Guggul is an adaptogenic resin that forms from the sap of the guggul tree, also known as the
There are many variations of guggul that are determined by the color and age of the resin and each comes with its own benefits. While guggul is a staple in Ayurvedic traditions, it is rarely taken by itself. Guggul has an amazing ability to store other compounds within it and penetrate deep into the body, so it is often combined with other herbs. Because of its excellent affinity with all of the tissues of the body and its
Benefits of Guggul
- Blood purifier and overall detoxifier
- Promotes healthy cholesterol levels
- Promotes healthy weight management
- Helps relieve joint stiffness
- Helps relieve muscle cramps and stiffness (antispasmodic)
- Is a natural source of antioxidants and helps support the immune system
- Anti-rheumatic and anti-arthritic
- Helps remove toxins from gout
- Is an effective pain reliever
- Expectorant (helps clear the lungs)
- Supports digestive health and helps relieve numerous digestive conditions
- Supports nerve health and relieves pain from conditions like sciatica and fibromyalgia
- Supports a healthy menstrual cycle and relieves associated pains
- Encourages healthy, vibrant skin and relieve acne problems
Guggul has been reported to have an outstanding ability to encourage balanced cholesterol levels and purify the blood, but that has come with some conflicting evidence. Some sources actually report the increase of low-density lipoprotein (LDL or “bad”) cholesterol in the blood. The discerning factor here, though, is based on diet. Guggul actually seems to reduce cholesterol in people who eat an Indian-based diet and increases cholesterol in those who eat a more Western diet. There’s something to be said about this: herbs and other medications don’t work to their best abilities if you live an unhealthy lifestyle. Many western type foods have preservatives, steroids, or other unnaturally processed ingredients added in them and likely counteract the positive effects of guggul.
As a liver stimulant and detoxifier, guggul helps in eliminating oils, fats, and toxins from the body, therefore, supporting weight management in many ways. However, some research shows guggul by itself will not significantly affect weight in overweight people and should be coupled with exercise. Again, many overweight people eat foods with unhealthy additives which could be a determining factor.
Toxic residues stuck in the joints are at the root of almost every joint problem. Guggul’s ability to deeply penetrate and clear toxins from the body makes it a prime candidate for joint pain relief. Research suggests that taking 1500 mg of guggul a day can improve osteoarthritis symptoms and taking 3000 mg a day can improve rheumatoid arthritis symptoms.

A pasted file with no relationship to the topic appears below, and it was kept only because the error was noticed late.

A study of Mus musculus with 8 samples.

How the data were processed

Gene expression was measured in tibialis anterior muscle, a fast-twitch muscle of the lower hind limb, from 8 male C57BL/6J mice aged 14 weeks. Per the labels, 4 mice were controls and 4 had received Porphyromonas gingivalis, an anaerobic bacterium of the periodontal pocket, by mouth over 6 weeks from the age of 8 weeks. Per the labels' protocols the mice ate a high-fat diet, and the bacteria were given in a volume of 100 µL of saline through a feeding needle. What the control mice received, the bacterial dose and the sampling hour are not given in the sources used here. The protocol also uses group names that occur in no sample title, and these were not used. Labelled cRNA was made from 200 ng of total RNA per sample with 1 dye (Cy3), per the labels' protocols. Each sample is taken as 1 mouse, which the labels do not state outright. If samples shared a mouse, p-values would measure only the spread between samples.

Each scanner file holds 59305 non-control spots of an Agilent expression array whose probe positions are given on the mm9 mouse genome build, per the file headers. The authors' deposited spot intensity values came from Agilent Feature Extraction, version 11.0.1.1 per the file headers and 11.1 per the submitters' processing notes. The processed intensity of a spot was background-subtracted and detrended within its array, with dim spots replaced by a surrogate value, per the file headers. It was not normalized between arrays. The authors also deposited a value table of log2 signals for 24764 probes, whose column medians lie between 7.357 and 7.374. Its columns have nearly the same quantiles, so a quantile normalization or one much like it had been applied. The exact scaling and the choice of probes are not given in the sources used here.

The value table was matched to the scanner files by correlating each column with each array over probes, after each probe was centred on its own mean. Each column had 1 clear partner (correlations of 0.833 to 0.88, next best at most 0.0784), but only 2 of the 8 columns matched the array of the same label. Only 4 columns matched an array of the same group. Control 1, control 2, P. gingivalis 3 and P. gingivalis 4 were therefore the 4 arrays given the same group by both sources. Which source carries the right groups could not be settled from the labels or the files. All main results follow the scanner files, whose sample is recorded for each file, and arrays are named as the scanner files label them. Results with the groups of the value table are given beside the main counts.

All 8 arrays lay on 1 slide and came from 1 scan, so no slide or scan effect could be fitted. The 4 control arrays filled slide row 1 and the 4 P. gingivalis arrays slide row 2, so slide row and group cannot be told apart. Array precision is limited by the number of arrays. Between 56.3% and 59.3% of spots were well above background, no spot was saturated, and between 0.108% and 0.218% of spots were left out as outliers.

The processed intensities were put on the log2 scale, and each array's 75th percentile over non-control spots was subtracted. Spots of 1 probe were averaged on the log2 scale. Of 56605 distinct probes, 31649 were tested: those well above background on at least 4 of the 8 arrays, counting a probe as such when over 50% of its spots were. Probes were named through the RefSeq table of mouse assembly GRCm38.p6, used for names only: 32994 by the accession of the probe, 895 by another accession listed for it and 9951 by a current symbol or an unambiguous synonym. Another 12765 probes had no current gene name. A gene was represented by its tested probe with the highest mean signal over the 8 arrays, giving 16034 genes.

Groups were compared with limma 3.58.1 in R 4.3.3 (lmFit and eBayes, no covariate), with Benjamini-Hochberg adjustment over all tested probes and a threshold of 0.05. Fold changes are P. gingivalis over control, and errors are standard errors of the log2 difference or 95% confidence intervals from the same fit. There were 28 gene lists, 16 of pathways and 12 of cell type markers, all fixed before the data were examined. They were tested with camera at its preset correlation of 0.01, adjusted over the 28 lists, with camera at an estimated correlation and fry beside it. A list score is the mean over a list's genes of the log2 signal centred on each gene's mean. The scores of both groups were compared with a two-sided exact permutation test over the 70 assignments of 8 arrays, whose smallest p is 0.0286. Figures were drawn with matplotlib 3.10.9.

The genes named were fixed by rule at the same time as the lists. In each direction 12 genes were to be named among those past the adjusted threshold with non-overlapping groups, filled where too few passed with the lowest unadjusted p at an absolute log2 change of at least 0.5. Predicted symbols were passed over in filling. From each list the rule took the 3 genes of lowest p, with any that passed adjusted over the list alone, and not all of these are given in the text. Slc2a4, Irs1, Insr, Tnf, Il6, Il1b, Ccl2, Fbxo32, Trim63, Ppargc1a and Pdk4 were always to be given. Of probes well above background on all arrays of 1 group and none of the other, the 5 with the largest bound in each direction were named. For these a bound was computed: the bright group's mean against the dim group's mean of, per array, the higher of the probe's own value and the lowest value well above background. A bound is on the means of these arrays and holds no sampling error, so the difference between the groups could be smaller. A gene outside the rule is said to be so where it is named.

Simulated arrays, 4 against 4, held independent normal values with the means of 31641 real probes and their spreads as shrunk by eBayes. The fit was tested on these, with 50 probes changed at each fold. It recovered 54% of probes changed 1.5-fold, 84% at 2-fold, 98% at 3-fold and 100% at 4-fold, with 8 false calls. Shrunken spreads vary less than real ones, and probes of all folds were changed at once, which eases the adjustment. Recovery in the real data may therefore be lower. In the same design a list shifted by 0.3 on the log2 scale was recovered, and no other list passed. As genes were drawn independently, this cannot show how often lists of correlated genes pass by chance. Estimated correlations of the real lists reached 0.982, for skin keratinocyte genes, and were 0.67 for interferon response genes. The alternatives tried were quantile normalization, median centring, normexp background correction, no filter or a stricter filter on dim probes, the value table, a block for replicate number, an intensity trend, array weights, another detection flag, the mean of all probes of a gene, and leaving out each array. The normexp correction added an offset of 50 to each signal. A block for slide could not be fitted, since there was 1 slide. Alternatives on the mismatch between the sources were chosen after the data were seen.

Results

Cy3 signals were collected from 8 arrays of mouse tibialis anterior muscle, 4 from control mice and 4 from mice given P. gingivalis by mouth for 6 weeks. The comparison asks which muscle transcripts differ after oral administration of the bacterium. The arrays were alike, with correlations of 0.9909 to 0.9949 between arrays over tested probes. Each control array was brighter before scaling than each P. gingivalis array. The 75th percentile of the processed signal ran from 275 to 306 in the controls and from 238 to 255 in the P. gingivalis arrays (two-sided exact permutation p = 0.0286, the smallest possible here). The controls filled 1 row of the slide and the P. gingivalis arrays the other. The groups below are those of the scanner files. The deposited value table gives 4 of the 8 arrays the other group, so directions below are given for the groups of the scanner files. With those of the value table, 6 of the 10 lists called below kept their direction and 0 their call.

Guggul contains a number of natural steroids, the most known being guggulsterone, that
Side Effects and Contraindications of Guggul
Guggul has been known to cause adverse side effects such as upset stomach, nausea, vomiting, headaches, diarrhea, gaseousness, skin rashes, and itching, however, these side effects are more common at higher doses of 6000 mg a day. It’s important to note that too much of anything can and will cause adverse side effects. A standard dose ranges from 500-1,000 mg per day.
Guggul can also adversely react with certain medications and should be taken with caution under these conditions:
High amounts of guggul may affect estrogen levels in the body and increase the side effects of estrogen-based medications. Some of which includes conjugated equine estrogens (
Birth Control Pills
Some birth controls pills contain estrogen, therefore guggul may increase their side effects. These include Triphasil, Ortho-Novum, and others.
Medications Processed by the Liver
As guggul helps with the detoxification process, it may decrease how much the body absorbs or increase how quickly the liver breaks down and processes some medications. Especially in the case of slow releasing medications, guggul may decrease their effectiveness. Some of these medications include Mevacor (lovastatin), Lipitor (atorvastatin), Nizoral (ketoconazole), Sporanox (itraconazole), Allegra (fexofenadine), Halcion (triazolam), among many others.
Some cancers such as breast, uterine, and ovarian are estrogen-sensitive cancers and theoretically, guggul can affect the body’s estrogen levels. Medications such as Nolvadex (tamoxifen) are used to help treat these types of cancers and guggul may decrease its effectiveness.
Blood Thinning Medications
Guggul can slow blood clotting and taking it along with blood thinning medications may increase the chances of bleeding and bruising. Some blood thinners include Aspirin, Ibuprofen (Advil, Motrin), Anaprox, Naprosyn, (and other naproxens), Heparin, and others. Taking guggul before or after surgery can increase the risk of bleeding and slow healing.
Due to it’s blood thinning properties, guggul encourages menstrual flow and stimulates the uterus, so some researchers think it may endanger pregnancy. Though not enough is known about this due to the fact that research may put pregnant women at risk.
Hypothyroidism or Hyperthyroidism
Increasing thyroid activity is one of the most well marketed effect of guggul, but that normally doesn’t occur with small doses found in available supplements. Taking large amounts of guggul may interfere with the main effects and side effects of thyroid medications.
Choosing Guggul Supplements
Guggul can be found in powder, tablet, or capsule form, but Ayurvedic traditions recommend using powders or tablets to taste the herbs you use. Taste signals the digestive process to initiate the body’s corresponding supportive mechanisms. Guggul can be taken alone and works more of a detoxifier that way, but it is more commonly taken in conjunction with other herbs in order to help deliver them to deeper parts of the body’s tissues.